Ethereum Classic (ETC) is the original Ethereum blockchain. It’s designed for decentralised applications (dapps) and smart contracts. In 2016, a hacker discovered a design flaw in The Decentralised Autonomous Organisation (DAO) running on the Ethereum network. The hacker was able to steal over 3.6 million Ether from The DAO. To prevent the stolen Ether from being spent or held, the Ethereum network was hard forked, which means a split in the blockchain. The original chain is called Ethereum Classic (ETC) and the new chain is called Ethereum (ETH).
What problem does Ethereum Classic solve: Big tech companies have too much control over our data. That’s not cool. Legal contracts are inefficient and expensive. Automatic smart contracts remove the need for expensive middlemen (like lawyers). ETC could become a scarce commodity used to power the Internet of Things.
Properties of Ethereum Classic:
Following the hard fork, ETC is not backwards compatible with Ethereum. This means that updates to the Ethereum network don’t apply to Ethereum Classic
ETC runs on a Proof of Work consensus mechanism (like Bitcoin)
You can build conditional contracts that execute autonomously. These are called “smart contracts” and can execute agreed upon terms
Smart Contracts can be legally enforceable and could benefit countless industries by removing time and human error from contract processes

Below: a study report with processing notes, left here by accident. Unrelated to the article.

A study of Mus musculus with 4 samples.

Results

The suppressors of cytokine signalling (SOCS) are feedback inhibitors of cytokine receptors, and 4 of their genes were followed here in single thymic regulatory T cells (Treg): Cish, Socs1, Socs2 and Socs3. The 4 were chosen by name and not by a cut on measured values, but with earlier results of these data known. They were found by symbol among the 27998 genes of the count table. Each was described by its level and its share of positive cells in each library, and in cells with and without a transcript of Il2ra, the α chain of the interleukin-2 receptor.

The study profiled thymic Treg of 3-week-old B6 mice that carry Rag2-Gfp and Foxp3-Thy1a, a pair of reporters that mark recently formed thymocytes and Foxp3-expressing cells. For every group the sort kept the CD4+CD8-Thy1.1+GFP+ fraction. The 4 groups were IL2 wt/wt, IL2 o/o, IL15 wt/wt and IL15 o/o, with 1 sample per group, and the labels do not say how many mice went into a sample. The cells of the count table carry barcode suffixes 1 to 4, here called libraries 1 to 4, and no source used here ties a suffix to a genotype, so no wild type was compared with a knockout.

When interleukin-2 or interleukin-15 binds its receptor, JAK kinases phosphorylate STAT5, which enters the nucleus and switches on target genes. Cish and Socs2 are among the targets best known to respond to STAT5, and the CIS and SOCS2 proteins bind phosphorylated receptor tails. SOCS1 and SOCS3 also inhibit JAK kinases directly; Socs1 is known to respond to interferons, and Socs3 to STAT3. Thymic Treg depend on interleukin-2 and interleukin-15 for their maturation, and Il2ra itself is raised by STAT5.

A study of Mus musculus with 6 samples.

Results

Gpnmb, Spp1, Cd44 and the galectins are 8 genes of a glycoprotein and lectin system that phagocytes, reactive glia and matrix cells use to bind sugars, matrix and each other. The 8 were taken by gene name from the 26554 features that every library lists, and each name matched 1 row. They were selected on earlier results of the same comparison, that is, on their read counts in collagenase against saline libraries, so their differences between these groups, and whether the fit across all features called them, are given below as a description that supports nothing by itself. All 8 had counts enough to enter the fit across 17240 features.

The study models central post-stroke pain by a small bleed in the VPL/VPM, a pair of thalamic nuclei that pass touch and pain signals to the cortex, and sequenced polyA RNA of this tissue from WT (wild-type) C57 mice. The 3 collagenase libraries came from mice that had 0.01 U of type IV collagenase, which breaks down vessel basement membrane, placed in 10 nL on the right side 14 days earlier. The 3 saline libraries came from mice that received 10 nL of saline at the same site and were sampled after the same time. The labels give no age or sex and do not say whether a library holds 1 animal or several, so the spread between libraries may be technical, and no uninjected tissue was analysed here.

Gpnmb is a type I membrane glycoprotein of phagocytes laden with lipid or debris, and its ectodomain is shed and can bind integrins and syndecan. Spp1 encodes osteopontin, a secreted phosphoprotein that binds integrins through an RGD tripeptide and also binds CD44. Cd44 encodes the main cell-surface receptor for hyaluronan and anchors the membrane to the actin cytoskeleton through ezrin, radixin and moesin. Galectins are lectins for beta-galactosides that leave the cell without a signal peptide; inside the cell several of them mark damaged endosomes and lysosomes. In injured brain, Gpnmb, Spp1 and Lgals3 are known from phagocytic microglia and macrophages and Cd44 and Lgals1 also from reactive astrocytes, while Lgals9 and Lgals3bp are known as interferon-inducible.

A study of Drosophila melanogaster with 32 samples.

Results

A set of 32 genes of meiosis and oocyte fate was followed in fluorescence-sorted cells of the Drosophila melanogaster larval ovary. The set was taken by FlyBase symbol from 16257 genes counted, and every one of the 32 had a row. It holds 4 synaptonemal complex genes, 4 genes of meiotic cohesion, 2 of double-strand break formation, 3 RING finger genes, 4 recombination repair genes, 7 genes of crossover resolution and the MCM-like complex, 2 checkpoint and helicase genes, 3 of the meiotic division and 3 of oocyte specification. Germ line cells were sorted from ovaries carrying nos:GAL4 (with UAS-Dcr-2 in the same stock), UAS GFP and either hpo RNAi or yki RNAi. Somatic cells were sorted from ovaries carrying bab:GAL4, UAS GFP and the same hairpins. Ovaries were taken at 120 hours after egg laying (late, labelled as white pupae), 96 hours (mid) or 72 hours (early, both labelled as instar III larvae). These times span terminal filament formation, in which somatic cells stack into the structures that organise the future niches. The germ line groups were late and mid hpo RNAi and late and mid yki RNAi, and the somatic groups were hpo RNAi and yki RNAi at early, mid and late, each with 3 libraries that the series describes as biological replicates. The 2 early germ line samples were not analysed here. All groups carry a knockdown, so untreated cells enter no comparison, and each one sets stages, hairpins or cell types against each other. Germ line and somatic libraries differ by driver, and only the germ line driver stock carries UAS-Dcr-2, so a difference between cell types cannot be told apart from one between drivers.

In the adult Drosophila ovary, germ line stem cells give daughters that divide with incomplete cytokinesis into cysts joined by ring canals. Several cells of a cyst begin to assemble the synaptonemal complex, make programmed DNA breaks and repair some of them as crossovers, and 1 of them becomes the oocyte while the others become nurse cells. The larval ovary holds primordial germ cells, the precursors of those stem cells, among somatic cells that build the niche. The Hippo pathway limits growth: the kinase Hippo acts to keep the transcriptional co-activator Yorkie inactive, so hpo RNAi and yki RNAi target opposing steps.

Combining Smart Contracts with Blockchain tech means that anyone can create their own monetised Internet Applications. When the technology matures, this is likely to be a big deal
Adoption and penetration:
Ethereum Classic has not yet gained the wider acceptance enjoyed by Ethereum. It is however tradable on most of the bigger crypto exchanges. A notable backer of Ethereum Classic is respected crypto investor Barry Silbert’s Grayscale Investment Group.
Management and governance:
The ETC network is maintained by a team of developers.
Risks and limitations
The DAO hack caused a split in the Ethereum community. The Ethereum developers made a decision to revert the hack and return the stolen ETH to their respective owners. However, a core philosophy in blockchain is that transactions cannot be edited or deleted. Ethereum Classic supporters see this immutability as essential, or put another way, “code is law”. Ethereum and Ethereum Classic now have separate supporters and developers but the vision for both remains the same - to become the world’s first decentralised computing platform.